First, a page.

The rules regarding alcohol distribution in Washington state are now in the hands of voters there and their decision could generate hundreds of millions of dollars for the state, according to a Wall Street Journal report.
Washington is one of 18 states, including Utah, that still own, wholesale or retail operations and the ballot measure, known as Initiative 1183, would replace hundreds of state-run liquor stores with private retailers, the Journal reports. The measure would also allow retailers to buy liquor directly from distillers and negotiate volume discounts. Ballots were mailed to Washington residents last Friday and must be returned by Nov. 8.
More than $400 million would be generated for the state in the first six years through licensing fees on retailers and distributors, cost savings and higher liquor consumption, according to a government study cited by supporters.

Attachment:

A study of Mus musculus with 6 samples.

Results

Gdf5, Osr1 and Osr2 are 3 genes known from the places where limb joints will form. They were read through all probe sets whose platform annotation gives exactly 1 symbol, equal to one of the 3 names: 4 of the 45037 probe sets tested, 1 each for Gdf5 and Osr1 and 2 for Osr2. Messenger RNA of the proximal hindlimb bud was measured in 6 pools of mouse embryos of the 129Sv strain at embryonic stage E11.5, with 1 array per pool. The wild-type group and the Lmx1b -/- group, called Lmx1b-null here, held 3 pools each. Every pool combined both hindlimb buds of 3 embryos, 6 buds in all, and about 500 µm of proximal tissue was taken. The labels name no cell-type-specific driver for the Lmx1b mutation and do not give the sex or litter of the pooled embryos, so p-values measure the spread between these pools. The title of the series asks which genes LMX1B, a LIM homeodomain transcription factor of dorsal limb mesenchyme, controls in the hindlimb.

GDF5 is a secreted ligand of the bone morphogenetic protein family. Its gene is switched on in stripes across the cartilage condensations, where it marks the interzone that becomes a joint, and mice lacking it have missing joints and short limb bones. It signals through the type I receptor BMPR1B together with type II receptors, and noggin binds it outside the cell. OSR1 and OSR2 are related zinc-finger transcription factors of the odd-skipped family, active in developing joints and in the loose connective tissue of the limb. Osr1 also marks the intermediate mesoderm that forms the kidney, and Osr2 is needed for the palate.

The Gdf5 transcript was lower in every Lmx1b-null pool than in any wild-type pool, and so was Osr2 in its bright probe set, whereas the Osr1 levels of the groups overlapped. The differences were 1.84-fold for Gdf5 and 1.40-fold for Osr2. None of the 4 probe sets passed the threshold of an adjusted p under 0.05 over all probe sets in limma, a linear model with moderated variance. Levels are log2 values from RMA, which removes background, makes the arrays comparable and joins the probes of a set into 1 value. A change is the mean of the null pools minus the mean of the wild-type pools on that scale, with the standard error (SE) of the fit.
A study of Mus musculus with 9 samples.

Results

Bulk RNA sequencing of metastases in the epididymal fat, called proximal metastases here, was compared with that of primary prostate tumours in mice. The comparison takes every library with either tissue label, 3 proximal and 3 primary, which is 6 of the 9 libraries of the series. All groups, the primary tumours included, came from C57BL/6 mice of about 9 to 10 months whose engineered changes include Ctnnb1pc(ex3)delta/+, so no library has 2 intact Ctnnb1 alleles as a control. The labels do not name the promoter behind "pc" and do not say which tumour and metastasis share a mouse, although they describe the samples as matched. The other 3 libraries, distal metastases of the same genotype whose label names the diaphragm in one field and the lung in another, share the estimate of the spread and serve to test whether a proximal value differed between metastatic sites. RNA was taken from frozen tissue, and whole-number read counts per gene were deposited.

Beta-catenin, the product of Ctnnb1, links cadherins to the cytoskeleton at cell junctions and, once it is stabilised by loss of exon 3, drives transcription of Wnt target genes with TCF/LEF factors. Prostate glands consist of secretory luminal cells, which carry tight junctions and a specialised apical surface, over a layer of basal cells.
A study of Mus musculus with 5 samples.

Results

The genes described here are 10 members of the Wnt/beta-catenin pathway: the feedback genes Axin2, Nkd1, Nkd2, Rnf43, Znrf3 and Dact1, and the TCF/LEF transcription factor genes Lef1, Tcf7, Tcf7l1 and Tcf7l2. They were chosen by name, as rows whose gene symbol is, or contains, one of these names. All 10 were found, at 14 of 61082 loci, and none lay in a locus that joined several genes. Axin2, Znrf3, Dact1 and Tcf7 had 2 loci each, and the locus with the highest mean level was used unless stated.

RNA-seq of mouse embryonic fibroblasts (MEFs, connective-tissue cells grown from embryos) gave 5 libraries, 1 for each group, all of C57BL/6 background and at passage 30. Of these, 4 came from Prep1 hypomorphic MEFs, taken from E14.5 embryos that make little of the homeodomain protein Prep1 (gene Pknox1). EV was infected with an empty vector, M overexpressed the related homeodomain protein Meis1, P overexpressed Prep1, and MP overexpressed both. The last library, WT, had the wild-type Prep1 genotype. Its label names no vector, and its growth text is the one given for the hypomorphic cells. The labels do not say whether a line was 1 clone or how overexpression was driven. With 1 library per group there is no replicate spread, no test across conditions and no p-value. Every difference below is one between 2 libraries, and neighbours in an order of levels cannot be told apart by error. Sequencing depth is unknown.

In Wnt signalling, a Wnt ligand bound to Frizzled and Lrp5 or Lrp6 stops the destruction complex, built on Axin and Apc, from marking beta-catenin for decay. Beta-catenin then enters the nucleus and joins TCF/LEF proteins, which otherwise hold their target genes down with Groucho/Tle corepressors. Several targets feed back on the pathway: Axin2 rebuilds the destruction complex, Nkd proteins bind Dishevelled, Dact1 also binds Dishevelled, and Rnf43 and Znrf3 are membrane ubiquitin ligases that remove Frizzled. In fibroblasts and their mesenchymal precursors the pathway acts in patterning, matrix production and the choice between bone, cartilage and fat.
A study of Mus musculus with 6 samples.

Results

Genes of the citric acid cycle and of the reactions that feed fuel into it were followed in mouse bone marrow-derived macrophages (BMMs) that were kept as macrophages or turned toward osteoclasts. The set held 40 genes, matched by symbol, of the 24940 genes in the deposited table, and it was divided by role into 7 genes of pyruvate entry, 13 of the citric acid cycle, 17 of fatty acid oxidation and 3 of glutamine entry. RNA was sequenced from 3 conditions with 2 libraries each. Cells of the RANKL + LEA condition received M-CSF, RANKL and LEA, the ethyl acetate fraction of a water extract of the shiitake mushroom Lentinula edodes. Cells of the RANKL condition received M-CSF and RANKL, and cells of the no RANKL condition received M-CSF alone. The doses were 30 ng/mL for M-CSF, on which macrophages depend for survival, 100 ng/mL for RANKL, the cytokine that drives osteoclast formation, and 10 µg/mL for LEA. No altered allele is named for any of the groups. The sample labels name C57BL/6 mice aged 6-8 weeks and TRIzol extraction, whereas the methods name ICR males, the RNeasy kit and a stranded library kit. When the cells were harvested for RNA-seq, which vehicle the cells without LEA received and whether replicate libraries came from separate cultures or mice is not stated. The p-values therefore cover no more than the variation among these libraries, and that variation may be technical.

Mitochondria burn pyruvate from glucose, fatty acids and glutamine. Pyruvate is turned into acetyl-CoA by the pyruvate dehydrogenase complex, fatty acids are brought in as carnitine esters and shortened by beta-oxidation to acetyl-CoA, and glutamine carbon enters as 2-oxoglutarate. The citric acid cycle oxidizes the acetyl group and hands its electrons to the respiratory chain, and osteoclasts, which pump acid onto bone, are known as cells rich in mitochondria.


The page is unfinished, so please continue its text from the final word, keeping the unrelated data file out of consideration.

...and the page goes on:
Washington-based Costco Wholesale Corp., spearheaded the campaign to collect more than 360,000 signatures needed to put the measure on the ballot and contributed nearly all of the $22.7 million for the “Yes” campaign.
"Consumers will be able to make their choices, rather than politicians,’’ Kathryn Stenger, spokeswoman for the "Yes on 1183 Coalition," to whom Costco referred questions, told the Journal.
Beer distributors and breweries are trying to defeat the measure and the state’s governor, Chris Gregoire, is also opposed.
Jon Byington is the founder of DosLives.com, a news and entertainment website that reaches the growing number of Latinos in the U.S.